Solid Wood Floating Entertainment Center



Have any of you built cabinets like this out of solid wood instead of plywood? I'm specifically wondering how to go about making the back that would attach to the wall. I've built some stuff out of plywood that I hung using french cleats. If took the same approach with solid wood, however, I'm concerned about the cleat restricting moving and the back eventually cracking. 

 

https://www.wayfair.com/Millwood-Pines--Antin-Floating-TV-Stand-for-TVs-up-to-78-X121634583-L6-K~W010523472.html?refid=GX626558914301-W010523472_441194900&device=c&ptid=1927104050620&network=g&targetid=pla-1927104050620&channel=GooglePLA&ireid=229932083&fdid=1817&PiID[]=441194900&gclid=Cj0KCQjwmZejBhC_ARIsAGhCqndFOrjAu3QmFxb_jYPGBXhII1guy4fQa9MD8KKurz5ZMqJL_dscONsaAu0tEALw_wcB

FloatingModernEntertainment Center.jpg


The above console the maple runs around the outside. I used plywood for the back and doors though. For doors on yours you could use plywood and use shop veneer. I"m not 100% happy with the color match in the console above.

The above project was the opposite plywood case with solid doors. You could combine the two of these and do solid doors solid case, hanging the doors with euro hinges would be advised as they will provide some expansion and contraction slop where high quality butt hinges may not. The case here was plywood due to cost and desire for it to be light weight. It was for a friend and transportation was a consideration.


 

Theres always a cabinet supplier somewhere.. Just ask your local cabinet shop. 


The solid wood back part is what I'm having trouble figuring out. My initial thought was to use frame and panel on the back. If I go that route, should I make the rails for the frame large enough for the cleats to be mounted to the rail? If I attach the cleats to the panel on the back, how thick should the panel be to ensure the screws don't pull out under the weight?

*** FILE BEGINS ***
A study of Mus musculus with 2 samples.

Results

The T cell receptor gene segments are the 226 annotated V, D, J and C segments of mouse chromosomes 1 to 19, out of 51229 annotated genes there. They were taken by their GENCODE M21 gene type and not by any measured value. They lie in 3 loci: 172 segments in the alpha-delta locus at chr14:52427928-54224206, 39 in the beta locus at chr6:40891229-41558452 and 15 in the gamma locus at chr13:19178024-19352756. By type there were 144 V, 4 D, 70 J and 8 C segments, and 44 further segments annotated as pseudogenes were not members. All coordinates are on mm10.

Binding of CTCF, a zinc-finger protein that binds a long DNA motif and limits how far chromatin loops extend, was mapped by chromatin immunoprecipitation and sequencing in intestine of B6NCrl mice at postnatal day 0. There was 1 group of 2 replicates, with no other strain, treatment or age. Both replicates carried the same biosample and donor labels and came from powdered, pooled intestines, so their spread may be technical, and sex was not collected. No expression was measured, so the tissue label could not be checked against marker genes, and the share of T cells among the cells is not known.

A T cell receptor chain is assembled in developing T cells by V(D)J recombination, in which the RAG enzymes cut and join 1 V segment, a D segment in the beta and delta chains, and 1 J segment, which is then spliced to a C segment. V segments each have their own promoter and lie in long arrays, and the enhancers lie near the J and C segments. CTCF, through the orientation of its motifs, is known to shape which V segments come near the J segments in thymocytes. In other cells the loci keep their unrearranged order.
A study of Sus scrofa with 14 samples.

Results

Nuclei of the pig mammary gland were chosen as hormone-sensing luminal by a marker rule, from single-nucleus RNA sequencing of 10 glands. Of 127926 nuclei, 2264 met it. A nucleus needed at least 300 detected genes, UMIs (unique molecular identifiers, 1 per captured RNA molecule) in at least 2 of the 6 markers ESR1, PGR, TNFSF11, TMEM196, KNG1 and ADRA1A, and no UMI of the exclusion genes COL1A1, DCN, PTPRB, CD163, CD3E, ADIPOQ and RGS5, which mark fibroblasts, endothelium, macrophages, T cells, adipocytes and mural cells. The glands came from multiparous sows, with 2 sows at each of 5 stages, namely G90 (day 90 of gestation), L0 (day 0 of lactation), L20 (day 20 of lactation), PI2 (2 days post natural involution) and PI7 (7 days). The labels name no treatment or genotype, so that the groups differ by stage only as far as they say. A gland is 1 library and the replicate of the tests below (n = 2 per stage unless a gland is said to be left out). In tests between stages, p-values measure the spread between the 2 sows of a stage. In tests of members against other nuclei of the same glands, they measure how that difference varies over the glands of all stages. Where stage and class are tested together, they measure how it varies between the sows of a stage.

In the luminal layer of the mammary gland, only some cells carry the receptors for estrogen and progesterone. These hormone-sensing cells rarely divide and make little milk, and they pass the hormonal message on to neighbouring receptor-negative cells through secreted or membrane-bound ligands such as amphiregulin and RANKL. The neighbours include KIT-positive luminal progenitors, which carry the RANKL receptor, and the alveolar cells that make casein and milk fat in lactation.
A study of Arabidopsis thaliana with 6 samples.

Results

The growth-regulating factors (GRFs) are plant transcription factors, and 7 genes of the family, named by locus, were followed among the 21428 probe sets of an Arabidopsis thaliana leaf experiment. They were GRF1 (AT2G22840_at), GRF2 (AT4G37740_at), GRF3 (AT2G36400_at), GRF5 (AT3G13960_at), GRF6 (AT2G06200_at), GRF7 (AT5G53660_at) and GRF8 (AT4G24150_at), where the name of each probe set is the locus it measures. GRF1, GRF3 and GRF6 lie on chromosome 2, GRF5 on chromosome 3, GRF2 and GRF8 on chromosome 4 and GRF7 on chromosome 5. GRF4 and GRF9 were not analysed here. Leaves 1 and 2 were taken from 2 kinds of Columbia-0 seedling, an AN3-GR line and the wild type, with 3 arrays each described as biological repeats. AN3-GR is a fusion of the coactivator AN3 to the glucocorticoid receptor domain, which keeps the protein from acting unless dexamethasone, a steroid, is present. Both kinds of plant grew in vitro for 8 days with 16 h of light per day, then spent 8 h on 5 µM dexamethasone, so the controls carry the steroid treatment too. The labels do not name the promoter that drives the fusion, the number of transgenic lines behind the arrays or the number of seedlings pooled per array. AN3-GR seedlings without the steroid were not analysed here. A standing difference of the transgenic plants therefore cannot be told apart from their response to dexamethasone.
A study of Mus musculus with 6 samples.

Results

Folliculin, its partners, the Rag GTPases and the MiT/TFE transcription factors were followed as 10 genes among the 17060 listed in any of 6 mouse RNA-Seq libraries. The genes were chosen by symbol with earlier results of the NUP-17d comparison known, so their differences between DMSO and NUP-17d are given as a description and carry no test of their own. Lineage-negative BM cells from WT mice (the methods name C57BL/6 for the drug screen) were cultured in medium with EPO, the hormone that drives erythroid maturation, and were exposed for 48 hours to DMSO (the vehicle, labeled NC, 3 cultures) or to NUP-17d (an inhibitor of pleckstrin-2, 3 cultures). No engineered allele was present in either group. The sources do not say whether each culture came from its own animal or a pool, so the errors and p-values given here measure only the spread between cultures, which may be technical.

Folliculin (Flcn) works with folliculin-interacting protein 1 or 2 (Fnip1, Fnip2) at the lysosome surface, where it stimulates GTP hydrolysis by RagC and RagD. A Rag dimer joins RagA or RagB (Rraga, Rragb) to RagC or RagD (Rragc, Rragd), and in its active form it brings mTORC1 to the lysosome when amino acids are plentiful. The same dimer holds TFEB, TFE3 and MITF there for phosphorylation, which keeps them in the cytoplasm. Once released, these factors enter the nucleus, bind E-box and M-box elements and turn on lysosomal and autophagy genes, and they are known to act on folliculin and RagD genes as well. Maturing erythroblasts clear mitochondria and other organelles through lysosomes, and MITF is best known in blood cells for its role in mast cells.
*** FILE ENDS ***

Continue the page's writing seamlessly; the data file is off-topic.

1493316768_Float-Med-Cab(100).jpg.fc245a74ac565558228dc64368cc5673.jpg

Full length cleats meant I could hit multiple studs to mount the cleats to the wall. The gap between the upper and lower cleat on  the cabinet back were spaced vertically to assure I could slip the carcass over the cleats and lower into position.  I put a couple of screws through the cabinet cleats and into the wall since we are in earthquake country but elsewhere gravity would do the trick.

The build thread is here.  It contains a lot about a finishing problem I had but there may be something of use for your requirement as well.


So my wife decided she wants the entertainment center to look like the one below in terms of the general structure (not the farmhouse look). Since starting the thread I have since found a plywood supplier, so I no longer have to make this out of solid wood. 

If you look at the install video at the link, this just looks to be a plywood box with a french cleat running along the back. Is there any structural reason for leaving the back of the middle section in the cabinet open? The front is open, which should leave plenty of room for ventilation. I ask because it seems simpler to just have the back run the full length of the cabinet and drill access holes where needed. I ended up with an extra sheet of 1/4 ply from a recent cabinet build which I won't be using anytime soon, so there's little to no additional cost associated with running the back the full length.

 

https://www.woodwaves.com/products/farmhouse-rustic-wood-floating-tv-stand-entertainment-center-spice

 

 


Electronics change over time as does the requirement for access.  I left my back open since previous attempts to predict the future have always fallen short :lol:. The open area looks intentional and the holes could look like an afterthought but this is all in the eye of the beholder.  Depending on where your holes need to be they may not show and the point may be moot.